Steve Innskeep, are you serious? Did you just forget to include an opposing point of view?

Since when is this balanced journalism? Since when does NPR do PR for business? Since when is it right to let an apologist for a huge corporate interest moan and groan about how horrible Medicare is because reimbursement rates aren't as high as they are under private insurance?

Your listening audience deserves far better.

At a moment when the nation is poised to try to revamp a health care system that is in total shambles, we need our public radio station to do justice to the debate. We need you to do far better journalism than this poor excuse for a story.

How ironic that it would be the public radio network making this extraordinary gaffe.

How would it be, NPR, if we let an opponent of public radio come on the air -- unopposed -- and let him whine about why all federal funding for public radio should be eliminated?

The health care debate is as hot right now here in DC as the sidewalks running through the nation's capitol. The papers and airwaves are full of stories about whether the legislation will come out of the Senate and House by the end of July, before the recess (as the President is urging.)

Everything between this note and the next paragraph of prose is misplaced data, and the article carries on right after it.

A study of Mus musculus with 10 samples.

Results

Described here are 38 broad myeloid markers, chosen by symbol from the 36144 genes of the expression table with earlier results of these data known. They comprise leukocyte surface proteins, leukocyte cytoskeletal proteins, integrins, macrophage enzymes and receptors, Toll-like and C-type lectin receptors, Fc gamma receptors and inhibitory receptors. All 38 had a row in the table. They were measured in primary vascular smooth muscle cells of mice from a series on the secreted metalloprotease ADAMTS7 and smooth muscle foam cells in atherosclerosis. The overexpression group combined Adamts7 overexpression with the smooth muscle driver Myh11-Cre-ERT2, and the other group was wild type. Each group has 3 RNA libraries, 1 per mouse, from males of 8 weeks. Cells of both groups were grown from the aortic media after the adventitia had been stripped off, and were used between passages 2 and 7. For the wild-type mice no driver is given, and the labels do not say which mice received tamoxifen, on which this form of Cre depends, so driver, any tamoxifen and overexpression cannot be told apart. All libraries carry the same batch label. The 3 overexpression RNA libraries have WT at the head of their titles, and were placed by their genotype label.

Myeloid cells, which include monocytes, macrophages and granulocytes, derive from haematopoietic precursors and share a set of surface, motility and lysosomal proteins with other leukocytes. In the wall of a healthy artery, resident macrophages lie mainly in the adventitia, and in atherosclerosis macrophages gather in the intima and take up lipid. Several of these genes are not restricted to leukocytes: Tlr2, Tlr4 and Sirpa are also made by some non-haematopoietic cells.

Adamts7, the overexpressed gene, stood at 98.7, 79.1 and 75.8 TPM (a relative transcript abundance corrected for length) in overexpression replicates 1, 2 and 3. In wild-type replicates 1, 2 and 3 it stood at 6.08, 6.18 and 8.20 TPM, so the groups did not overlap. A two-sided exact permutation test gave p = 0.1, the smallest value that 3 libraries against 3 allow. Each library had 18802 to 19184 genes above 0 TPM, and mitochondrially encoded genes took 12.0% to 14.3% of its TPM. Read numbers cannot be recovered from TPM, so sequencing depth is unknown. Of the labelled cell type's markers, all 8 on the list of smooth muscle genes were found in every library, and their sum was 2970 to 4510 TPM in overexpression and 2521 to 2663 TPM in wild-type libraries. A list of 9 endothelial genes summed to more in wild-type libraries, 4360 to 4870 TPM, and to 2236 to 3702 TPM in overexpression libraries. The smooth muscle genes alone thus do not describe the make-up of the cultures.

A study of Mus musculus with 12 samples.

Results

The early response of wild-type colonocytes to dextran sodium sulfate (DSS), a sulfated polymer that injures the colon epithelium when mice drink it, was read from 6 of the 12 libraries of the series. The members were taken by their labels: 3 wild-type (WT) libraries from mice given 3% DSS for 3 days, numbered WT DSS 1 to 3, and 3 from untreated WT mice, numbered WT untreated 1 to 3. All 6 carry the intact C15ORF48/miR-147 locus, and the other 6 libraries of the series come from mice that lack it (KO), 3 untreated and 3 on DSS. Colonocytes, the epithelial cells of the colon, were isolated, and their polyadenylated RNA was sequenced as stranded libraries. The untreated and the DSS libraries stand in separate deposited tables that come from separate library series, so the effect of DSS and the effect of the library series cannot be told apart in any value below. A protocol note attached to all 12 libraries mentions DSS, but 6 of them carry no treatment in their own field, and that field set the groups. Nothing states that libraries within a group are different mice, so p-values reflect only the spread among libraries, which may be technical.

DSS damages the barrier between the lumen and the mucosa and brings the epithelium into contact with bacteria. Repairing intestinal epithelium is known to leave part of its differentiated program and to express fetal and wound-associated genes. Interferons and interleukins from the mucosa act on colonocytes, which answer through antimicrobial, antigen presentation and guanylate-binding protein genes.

And in the middle of all this, NPR does a segment like this?

Do it over. This time, bring in somebody from the opposing point of view. Bring in somebody who knows about the benefits of the public option and let her/him have at it with your PR type.

The President has said it is essential we have a public option to keep the private health insurance industry honest. It's essential to give consumers an alternative to private insurance, which has our backs up against the wall, always denying claims, or delaying payment, or dropping people from their rolls when they get too sick.

Curious that the person Innskeep brought on is the doctor whose job it is at WellPoint -- the nation's biggest insurance company -- to set up the rules for the company about denying coverage. Ah, so the docs now become the industry bureaucrats. How reassuring is that?

Maybe, Steve, that's the real story you should have done early this morning. And you know what? It isn't too late to do it, right, this afternoon or tomorrow!